Biochemistry doctoral student bridges arts and sciences with Bearcat Zine

Photo Credit: Graeme Hamilton | Daily Texan Staff

Biochemistry doctoral student Amanda Vaughn balances her time between growing mutated rats, performing with her scientifically named shoegaze band Telomere, making zines and spending summers in China performing outreach for her research lab.

Vaughn integrates the arts and sciences through zine-making. She said she hopes her Bearcat Zine will bridge the widely perceived gap between the two disciplines by using art as a form of communication. Bearcat incorporates a variety of visual elements, such as handmade collages composed of vintage postcards, pictures of cats, biological diagrams and handwritten prose entries. 

The title Bearcat comes from the Chinese word for panda, which is made up of the two separate Chinese words for bear and cat. Vaughn, who speaks five languages, said she enjoys bringing together a variety of elements into a final artistic product. 

“I like taking two concepts and summing them to make a whole greater than the sum,” Vaughn said. “It’s great to be able to look at a piece that is collectively comprised of different contributions from different sources and then have this whole that is totally unique and different. I like creating things that no one has ever seen before.”

Anastasia Kirages of the Houston-based Modernizm Zine discovered Bearcat at a previous Austin Zine Fest. Kirages said that Vaughn’s mix of collage elements embody the creative freedom possible in zine-making. 

“There’s no real right way to make a zine,” Kirages said. “You don’t really have to answer to anyone, but you can also collaborate with others. You can literally do anything that you want to.” 

Previous issues were centered around the themes of memory and nostalgia, comedy and literary submissions. Vaughn has also made an illustrated pocket-sized field guide to cell organelles. Vaughn’s zines feature primarily her own work, as well as submissions from friends and other zine-makers.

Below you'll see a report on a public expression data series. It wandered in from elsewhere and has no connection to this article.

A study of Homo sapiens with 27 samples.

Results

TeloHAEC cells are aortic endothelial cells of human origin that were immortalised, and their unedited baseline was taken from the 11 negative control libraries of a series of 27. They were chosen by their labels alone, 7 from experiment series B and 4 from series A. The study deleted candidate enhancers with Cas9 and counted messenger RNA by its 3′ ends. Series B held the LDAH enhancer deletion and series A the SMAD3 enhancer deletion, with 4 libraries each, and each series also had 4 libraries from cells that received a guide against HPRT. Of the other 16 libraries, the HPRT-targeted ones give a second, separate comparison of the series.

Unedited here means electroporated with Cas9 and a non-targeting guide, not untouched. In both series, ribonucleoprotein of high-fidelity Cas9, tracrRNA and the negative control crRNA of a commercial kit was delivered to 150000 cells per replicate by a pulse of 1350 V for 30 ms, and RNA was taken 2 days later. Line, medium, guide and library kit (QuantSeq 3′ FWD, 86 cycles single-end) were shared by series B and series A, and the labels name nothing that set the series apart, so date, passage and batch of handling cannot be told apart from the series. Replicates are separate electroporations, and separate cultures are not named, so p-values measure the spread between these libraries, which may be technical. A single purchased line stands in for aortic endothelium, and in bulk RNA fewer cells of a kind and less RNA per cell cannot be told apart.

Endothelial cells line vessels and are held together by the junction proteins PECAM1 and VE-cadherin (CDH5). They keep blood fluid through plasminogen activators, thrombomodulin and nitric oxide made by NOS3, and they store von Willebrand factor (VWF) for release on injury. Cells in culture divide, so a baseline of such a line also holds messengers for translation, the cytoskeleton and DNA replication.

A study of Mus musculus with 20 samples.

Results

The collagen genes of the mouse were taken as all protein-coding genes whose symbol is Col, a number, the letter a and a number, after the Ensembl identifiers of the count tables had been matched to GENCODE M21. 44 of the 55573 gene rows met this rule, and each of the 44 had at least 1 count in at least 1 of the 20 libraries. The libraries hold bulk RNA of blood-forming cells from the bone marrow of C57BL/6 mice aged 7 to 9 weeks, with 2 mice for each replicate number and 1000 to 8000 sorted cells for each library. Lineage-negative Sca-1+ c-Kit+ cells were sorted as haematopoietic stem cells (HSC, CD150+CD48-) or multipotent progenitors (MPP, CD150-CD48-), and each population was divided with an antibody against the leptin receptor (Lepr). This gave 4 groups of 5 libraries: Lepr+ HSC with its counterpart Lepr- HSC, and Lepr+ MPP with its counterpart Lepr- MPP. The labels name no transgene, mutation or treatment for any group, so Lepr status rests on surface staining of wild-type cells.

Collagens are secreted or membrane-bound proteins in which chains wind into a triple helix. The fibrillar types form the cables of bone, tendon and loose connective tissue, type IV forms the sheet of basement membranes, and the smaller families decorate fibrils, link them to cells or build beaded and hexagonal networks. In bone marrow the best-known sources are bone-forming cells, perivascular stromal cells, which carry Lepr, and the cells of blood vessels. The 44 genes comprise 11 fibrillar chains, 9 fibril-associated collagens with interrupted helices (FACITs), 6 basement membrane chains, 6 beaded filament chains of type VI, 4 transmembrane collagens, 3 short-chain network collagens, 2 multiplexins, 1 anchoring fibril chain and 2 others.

All works are presented anonymously without names, although Vaughn occasionally includes notes from C.C. Elegans. The pen name is a play off of the scientific name for the roundworm, C. elegans. 

Corey Nacrelli, a contributor to the zine, has provided images for Vaughn to integrate into her collages. Nacrelli said he was able to observe the scientific lens through which Vaughn views creative projects. 

“She is constantly running in every direction, trying to find a neat way to integrate science and art,” Nacrelli said. “In the art world, there’s not too many people who have that kind of perspective. I just think that’s kind of refreshing.” 

Amanda’s biochemistry research focuses on spinal birth defects caused by folic acid deficiency. Halfway through her Ph.D. program, Vaughn said she hopes to teach science through art in some form in the future. 

“Art is something that’s beautiful to look at and experience, but I think that we can use art as a way of communicating more often,” Vaughn said. “My goal is to encourage people to love science the way I do and to realize that it’s just like another form of art.”

Aside from making zines, Vaughn is also currently working on mural-sized paintings in her own cartoon style of proteins she has observed in her lab and portrayed. Vaughn said she sees a need for change in the way the sciences are taught and presented to students. 

“In the era of the great thinkers, there was not this stigma about science being a negative thing,” Vaughn said. “It was more like a perspective through which you viewed the world. If people are brought onto the scene with a sense of fear already installed in them, I don’t think we’re going to advance in science. We need people that have different perspectives that are bringing something to the table.”